What makes a good arb?
Mario Gabelli, the chairman and CEO of GAMCO Investors, Inc., is among the most qualified people you could ask.
For starters, Gabelli—for whom Fordham University’s Gabelli School of Business is named—is a legendary arb, or risk arbitrageur, himself. Though better known as a value investor, Gabelli has utilized the discipline of risk arbitrage to successfully invest in companies undergoing mergers, reorganizations, and other corporate events.
Said Gabelli, “If there’s a better discipline than merger arbitrage to use as the foundation for a career in investing, I haven’t found it yet— in 51 years in the financial industry.” That conviction drove Gabelli to enlist Kate Welling, the long-time Barron’s managing editor who since 2012 has independently published Welling on Wall St., an online journal for professional investors, to write the just-published Merger Masters: Tales of Arbitrage. Gabelli provided the introduction, drawing on his decades of experience in risk arbitrage to stress that there’s no better discipline for teaching you everything you need to know about deals and dealmaking than arbitrage. Based on 21 exclusive interviews, Merger Masters then explores the art and science of merger investing and offers an inside view into the world of corporate mergers and takeovers. The volume profiles 18 renowned arbitrageurs, including such famed investors as Paul Singer and John Paulson, who candidly dissect their strategies, successes, and missed opportunities—and then takes the discussion to another level by also including profiles of three uber-successful corporate leaders whose stellar records for enhancing long-term returns to shareholders were built, in part, on dealmaking, and in part on successfully “just saying no” to proffered deals.
Gabelli laid out the book’s guiding questions at a Nov. 28 event at Fordham’s McNally Amphitheatre:
“We have 18 individuals who are highly successful. How does that happen?” he asked. “Does it happen because of the individuals and their backgrounds? Or does it happen because of what they’re doing in their investment process?”
The Mindset of an Arbitrageur
Though the arbitrageurs discussed in the book sometimes differ vastly in terms of the types of deals they prefer to target, Welling found a number of consistent themes in the character makeup of successful merger investors.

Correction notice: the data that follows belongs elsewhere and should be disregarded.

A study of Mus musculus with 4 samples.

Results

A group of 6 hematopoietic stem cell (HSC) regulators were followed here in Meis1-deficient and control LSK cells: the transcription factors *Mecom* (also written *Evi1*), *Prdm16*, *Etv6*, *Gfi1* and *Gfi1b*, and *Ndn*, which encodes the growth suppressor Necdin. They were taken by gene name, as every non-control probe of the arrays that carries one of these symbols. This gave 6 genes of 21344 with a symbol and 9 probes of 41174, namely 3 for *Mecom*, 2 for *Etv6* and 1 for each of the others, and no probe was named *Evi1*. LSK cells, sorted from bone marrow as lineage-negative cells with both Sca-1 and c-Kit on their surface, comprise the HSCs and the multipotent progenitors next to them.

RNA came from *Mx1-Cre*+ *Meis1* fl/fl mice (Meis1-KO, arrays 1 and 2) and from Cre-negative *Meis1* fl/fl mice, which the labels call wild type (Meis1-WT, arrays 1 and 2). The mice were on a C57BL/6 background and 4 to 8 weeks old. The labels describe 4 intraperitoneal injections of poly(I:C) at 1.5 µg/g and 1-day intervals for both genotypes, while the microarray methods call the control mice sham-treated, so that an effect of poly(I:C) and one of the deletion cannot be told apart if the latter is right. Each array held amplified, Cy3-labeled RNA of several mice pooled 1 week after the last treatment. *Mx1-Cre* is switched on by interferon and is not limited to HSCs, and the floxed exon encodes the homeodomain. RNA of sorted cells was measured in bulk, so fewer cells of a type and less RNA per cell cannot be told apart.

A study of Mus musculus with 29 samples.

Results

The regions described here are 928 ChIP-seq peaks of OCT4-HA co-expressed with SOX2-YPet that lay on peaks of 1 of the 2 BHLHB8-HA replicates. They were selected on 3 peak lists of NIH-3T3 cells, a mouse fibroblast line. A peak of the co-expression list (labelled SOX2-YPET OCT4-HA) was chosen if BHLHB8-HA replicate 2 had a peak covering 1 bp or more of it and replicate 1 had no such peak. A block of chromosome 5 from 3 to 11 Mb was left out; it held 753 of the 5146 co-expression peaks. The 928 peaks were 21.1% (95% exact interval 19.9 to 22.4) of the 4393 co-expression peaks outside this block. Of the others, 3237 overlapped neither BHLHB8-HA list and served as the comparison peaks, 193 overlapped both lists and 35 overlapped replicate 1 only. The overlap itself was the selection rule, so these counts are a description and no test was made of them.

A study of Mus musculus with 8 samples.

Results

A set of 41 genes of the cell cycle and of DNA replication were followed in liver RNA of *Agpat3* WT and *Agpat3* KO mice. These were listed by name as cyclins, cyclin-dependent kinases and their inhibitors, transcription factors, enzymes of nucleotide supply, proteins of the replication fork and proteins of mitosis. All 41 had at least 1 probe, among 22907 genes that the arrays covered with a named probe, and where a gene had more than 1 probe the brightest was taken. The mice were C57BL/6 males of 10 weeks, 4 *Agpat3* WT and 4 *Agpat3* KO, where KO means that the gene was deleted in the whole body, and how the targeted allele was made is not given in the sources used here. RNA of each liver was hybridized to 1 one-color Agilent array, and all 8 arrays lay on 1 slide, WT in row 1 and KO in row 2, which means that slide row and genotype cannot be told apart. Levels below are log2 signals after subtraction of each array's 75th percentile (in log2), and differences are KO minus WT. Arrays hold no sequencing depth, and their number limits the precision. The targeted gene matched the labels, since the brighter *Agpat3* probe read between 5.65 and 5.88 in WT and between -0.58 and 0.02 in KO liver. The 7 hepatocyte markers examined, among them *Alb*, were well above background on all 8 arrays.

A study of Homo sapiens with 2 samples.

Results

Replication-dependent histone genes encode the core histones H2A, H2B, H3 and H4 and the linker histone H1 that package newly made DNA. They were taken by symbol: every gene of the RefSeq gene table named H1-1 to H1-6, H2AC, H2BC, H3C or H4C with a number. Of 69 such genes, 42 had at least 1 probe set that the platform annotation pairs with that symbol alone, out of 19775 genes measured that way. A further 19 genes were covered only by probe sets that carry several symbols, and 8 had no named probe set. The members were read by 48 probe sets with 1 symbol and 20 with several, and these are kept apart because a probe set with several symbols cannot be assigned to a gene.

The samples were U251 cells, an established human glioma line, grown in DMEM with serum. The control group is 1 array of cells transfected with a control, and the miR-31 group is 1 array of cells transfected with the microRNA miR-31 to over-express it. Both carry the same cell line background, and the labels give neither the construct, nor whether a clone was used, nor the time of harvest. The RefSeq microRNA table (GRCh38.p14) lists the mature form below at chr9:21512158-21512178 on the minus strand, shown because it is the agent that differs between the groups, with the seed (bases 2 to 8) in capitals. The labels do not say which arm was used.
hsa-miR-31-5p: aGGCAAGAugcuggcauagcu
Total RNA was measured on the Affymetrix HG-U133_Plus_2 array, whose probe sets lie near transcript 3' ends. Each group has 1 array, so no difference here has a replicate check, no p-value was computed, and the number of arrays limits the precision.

“They all are incredibly skeptical, usually very contrarian souls,” Welling said at the Fordham event, which was sponsored by the Gabelli Center for Global Security Analysis, CFA Society of New York, and the Museum of American Finance.
That contrarian spirit, she said, is almost always paired with a deep analytical mindset. She added that risk arbs must also have nerves of steel—the discipline to adhere to a strategy, a willingness to tolerate calculated risk, and an ability to make decisions under conditions of uncertainty.
“They’re betting all the time,” Welling said. “But they’re not riverboat gamblers, they’re card counters.”
In a contrarian turn of his own, Gabelli said that as much as all investors want every trade to be successful, being a good risk arb “requires an ability to lose.”
“You’ve gotta be excited when you miss one,” he said, and be eager to figure out what went wrong and take lessons from the experience. Risk arbitrage, he said, is analogous to “getting in front of a steamroller and bending down for nickels, and getting crushed every so often.”
Aside from the opportunity for consistent low-risk returns not correlated to movements in the stock market, the risk arbitrage discipline is also attractive to Gabelli because it teaches investors foundational techniques applicable across the financial industry—valuation, knowledge of domestic and global regulatory and tax regimes, methods of financing and structuring deals, and more.
“Those things work on everything you do,” he said. “It keeps you up-to-date on every financial technique that’s available.”
Gabelli’s message to students: “This is a great business to be in because you learn a lot, it’s not complicated, and you can do it tonight.”
“You’ve gotta know yourself,” Gabelli said, adding, “Take your intellectual talent and apply it consistently in an area.”
This piece of Gabelli’s advice resonated with Thomas Mitchell, a Gabelli School of Business junior. Mitchell plans to incorporate Gabelli’s risk arbitrage techniques in his own investing. “It was really cool to hear him talk about how anyone can do it,” Mitchell said. “It’s a simple strategy, you just have to be an analytic risk-taker.”
“Even with a retail account, I can still implement the strategy pretty effectively and do the research,” he said.